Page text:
Home / Science / This is what the huge amount of smoke created by the West Coast fires from space looks like

This is what the huge amount of smoke created by the West Coast fires from space looks like



some in the Pacific
some in the Pacific

A satellite image of the Northeast Pacific taken by the US National Oceanic and Atmospheric Administration (NOAA) on September 12. Credit – NOAA

Satellite images recently shared by the National Oceanic and Atmospheric Administration (NOAA) show massive amounts of smoke engulfing the west coast of the United States and extending hundreds of miles over the Pacific Ocean as dozens of wildfires continue to ravage California, Oregon and Washington and create dangerous air quality conditions for millions of people.

The unprecedented fires – which experts say are fueled by climate change – have burned hundreds of thousands of acres and killed at least 14 people, according to NPR. The fires have also created dangerous conditions for air quality across much of the west coast, and health authorities recommend that people stay indoors whenever possible.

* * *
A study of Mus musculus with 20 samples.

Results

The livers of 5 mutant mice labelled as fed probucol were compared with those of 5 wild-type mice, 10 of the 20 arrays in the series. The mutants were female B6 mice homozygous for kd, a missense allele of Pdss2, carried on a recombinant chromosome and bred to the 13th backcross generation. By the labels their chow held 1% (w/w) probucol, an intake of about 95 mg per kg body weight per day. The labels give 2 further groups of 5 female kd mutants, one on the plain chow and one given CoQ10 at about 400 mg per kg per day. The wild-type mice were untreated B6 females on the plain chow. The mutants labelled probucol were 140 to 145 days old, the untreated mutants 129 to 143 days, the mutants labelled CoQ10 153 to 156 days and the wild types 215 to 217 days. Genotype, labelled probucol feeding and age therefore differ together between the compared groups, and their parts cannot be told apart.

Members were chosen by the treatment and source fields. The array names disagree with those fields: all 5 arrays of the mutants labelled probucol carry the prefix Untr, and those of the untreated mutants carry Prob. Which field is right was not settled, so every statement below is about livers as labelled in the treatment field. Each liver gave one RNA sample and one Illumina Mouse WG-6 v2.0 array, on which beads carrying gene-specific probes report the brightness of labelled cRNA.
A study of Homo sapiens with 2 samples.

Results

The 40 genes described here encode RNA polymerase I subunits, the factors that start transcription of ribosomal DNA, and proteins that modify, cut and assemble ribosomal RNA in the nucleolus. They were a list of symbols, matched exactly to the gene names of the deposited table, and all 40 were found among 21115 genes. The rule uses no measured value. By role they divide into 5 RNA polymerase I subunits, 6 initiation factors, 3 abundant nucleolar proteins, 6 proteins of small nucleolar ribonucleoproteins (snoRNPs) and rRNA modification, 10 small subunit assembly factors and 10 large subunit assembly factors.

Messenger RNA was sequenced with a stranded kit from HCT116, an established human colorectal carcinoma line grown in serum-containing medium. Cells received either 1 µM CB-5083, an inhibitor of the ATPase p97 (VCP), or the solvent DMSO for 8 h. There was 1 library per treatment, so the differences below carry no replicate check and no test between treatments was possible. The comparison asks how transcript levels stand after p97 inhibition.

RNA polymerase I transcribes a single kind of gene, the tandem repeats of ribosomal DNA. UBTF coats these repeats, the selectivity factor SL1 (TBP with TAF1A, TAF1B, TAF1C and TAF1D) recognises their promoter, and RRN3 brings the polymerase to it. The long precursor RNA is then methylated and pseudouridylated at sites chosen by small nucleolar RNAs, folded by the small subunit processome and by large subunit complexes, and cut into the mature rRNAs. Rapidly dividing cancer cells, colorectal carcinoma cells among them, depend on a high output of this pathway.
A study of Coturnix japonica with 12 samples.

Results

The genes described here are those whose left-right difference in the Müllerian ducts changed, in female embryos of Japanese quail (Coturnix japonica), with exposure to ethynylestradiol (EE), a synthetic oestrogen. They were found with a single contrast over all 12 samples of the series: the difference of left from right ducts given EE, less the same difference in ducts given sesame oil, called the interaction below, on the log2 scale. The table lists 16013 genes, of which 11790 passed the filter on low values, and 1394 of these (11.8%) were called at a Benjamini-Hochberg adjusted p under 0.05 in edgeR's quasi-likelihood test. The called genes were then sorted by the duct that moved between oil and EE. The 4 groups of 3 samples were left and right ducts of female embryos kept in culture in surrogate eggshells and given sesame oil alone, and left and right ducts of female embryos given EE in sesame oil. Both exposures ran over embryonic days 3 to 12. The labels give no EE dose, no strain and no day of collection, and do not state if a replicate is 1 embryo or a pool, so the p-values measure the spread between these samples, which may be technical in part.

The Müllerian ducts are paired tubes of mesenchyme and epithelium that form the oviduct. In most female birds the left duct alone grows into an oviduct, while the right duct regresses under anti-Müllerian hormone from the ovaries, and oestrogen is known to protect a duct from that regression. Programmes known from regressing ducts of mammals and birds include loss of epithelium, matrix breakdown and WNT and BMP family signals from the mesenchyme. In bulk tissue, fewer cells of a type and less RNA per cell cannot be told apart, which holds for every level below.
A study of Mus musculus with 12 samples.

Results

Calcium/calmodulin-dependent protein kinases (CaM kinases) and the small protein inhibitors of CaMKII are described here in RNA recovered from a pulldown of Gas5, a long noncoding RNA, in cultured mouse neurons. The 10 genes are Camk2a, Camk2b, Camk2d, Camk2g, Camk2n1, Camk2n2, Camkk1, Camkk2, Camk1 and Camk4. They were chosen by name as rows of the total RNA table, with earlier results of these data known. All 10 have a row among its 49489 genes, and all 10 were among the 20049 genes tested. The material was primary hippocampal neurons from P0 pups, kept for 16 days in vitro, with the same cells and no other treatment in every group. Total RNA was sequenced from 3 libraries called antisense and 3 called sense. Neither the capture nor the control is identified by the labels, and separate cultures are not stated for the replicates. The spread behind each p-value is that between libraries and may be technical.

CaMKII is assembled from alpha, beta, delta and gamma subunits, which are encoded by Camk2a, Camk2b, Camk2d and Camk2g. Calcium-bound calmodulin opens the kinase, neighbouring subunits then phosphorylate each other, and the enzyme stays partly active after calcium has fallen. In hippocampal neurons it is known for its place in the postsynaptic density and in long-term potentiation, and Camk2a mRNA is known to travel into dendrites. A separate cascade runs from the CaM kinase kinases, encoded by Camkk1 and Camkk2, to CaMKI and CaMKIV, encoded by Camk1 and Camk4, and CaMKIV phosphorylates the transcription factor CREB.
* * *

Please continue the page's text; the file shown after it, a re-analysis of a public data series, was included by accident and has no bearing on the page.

In satellite images taken by NOAA on Thursday and Friday, huge amounts of smoke created by fires can be seen extending and spiraling hundreds of miles across the Pacific Ocean.

On Saturday, NOAA shared another 24-hour interval of satellite imagery, showing smoke continuing to swirl and swirl across the Pacific.

As of Saturday morning, 24 large active fires are burning in California, 14 large active fires are burning in Oregon, and 15 large active fires are burning in Washington, according to the National Interagency Fire Center. Twelve large active fires are also burning in Idaho and nine large active fires are burning in Montana. In total, 97 major fires burned 4.7 million acres in the western states, according to the Fire Center, and evacuation orders are in place in California, Oregon, Washington, Colorado, Idaho and Utah. According to the Center, more than 29,000 firefighters and support personnel are working to fight the fires.

The fires have caused some of the most unhealthy air conditions in the world in the Pacific Northwest of the United States, according to the Associated Press. On Friday, officials from the Oregon Department of Occupational Health and Safety urged employers to stop or delay outdoor work activities due to dangerous air quality.